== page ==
After a fresh snowfall, one of my favorite outdoor activities with my daughter is to see who’s been out and about. (If it’s been a heavy snow, I find it’s better to wait a few hours, as many animals will prefer to stay warm and cozy until they’re hungry enough to venture out.)
Some common tracks to find are that of neighborhood cats and dogs (though we hope cats remain indoors for improved quality of life), but you may also discover raccoon, mice, birds, opossums, and perhaps fox or coyote.
Let’s look at some of these prints!
An illustration, while helpful, is never as helpful as getting out there and practicing. Sometimes we simply can’t identify the animal—it helps to know the area, perhaps find scat (feces) or fur that might show what animal track we’re looking at. Sometimes we only have a partial print to base our observations on.
For instance, dogs and coyotes can be difficult to differentiate. Coyote prints have more oblate pads and sharper nails. The gap between the toes and the main pad is usually larger than that of a dog’s. Yet with so many dog breeds abound, it gets tricky.
Well, and then there’s the “Coyote X.” When faced with a track, can you draw an X through the middle, and stay mostly in the negative space? In coyotes, toes 2 and 3 tend to extend beyond toes 1 and 4, leaving plentiful negative space between the pads. Drawing an ‘X’ between the toes, centered in the negative space, is likely easy.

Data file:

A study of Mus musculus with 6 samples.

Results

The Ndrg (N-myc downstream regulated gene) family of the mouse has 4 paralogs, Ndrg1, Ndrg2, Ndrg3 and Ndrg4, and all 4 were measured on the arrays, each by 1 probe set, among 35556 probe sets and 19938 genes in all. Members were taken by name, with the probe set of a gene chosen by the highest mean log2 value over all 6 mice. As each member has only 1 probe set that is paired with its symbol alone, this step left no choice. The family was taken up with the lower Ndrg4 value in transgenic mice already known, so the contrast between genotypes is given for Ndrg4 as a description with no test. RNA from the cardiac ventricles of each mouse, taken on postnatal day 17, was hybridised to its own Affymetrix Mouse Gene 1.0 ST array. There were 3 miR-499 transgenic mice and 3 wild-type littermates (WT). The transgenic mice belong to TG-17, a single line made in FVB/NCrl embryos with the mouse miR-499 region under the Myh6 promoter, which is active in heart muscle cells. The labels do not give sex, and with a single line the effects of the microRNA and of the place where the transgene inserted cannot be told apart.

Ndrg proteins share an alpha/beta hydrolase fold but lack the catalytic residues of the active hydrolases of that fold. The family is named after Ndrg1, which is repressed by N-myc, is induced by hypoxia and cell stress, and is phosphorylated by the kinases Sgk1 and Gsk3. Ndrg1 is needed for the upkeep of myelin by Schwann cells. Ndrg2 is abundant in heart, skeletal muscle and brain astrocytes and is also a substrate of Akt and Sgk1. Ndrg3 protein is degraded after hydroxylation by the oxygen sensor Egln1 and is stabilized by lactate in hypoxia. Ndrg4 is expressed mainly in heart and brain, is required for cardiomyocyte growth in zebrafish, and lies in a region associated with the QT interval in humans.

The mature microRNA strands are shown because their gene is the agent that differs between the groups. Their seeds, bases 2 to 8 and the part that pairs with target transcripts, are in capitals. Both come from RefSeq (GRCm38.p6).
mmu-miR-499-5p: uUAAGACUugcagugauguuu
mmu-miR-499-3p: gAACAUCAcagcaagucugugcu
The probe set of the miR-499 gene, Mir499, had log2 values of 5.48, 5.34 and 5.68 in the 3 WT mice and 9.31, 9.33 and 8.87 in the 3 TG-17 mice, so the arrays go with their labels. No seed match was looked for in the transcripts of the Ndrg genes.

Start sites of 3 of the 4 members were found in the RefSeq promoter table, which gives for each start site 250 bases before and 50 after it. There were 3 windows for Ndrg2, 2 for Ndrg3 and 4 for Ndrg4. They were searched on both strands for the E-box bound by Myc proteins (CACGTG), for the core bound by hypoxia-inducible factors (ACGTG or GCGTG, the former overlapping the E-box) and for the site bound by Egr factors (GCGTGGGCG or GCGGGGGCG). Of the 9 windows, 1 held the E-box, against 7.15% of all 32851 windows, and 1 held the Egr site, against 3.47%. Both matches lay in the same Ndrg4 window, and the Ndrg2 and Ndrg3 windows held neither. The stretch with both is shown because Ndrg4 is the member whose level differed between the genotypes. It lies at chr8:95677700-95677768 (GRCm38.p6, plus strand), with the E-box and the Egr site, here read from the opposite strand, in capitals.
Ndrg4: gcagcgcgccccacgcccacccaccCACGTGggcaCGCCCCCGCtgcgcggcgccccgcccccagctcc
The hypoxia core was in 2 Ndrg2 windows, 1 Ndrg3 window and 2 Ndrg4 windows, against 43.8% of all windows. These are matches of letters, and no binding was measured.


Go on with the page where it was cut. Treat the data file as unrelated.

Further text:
Now, what if it’s a bobcat? It’s easy to distinguish between canine and feline tracks because of one anatomical difference: cats retract their claws. You’ll find canine tracks have little points above each toe. Cats, on the other hand, are identifiable by their pads.
House cats are much smaller than bobcats. Again, notice the lack of a nail track.
Squirrels bound. They land on their forepaws and bracket those tracks with their back paws. Don’t mistake them for bunny tracks, though. You’ll find the toes are like mice or rat toes in shape—they are rodents, after all.
Bunnies also bound, but look at those long footprints. When they hop across the snow, their back legs land ahead of their front legs.
This post is just a start! A brilliant book to have in your nature library is Tracking and the Art of Seeing by Paul Rezendes. This book will tell you about more than just tracks. You’ll learn about scat, signs of animals browsing, and where animals may be sleeping.
With or without a book, grab your camera, get outside, and take photos! Make your own naturalist notebook with the date, photo, weather and any other interesting notes about the environment. Build up your knowledge by looking around—either for your own benefit or to engage the bright minds of kids in the great outdoors. It’s worth it.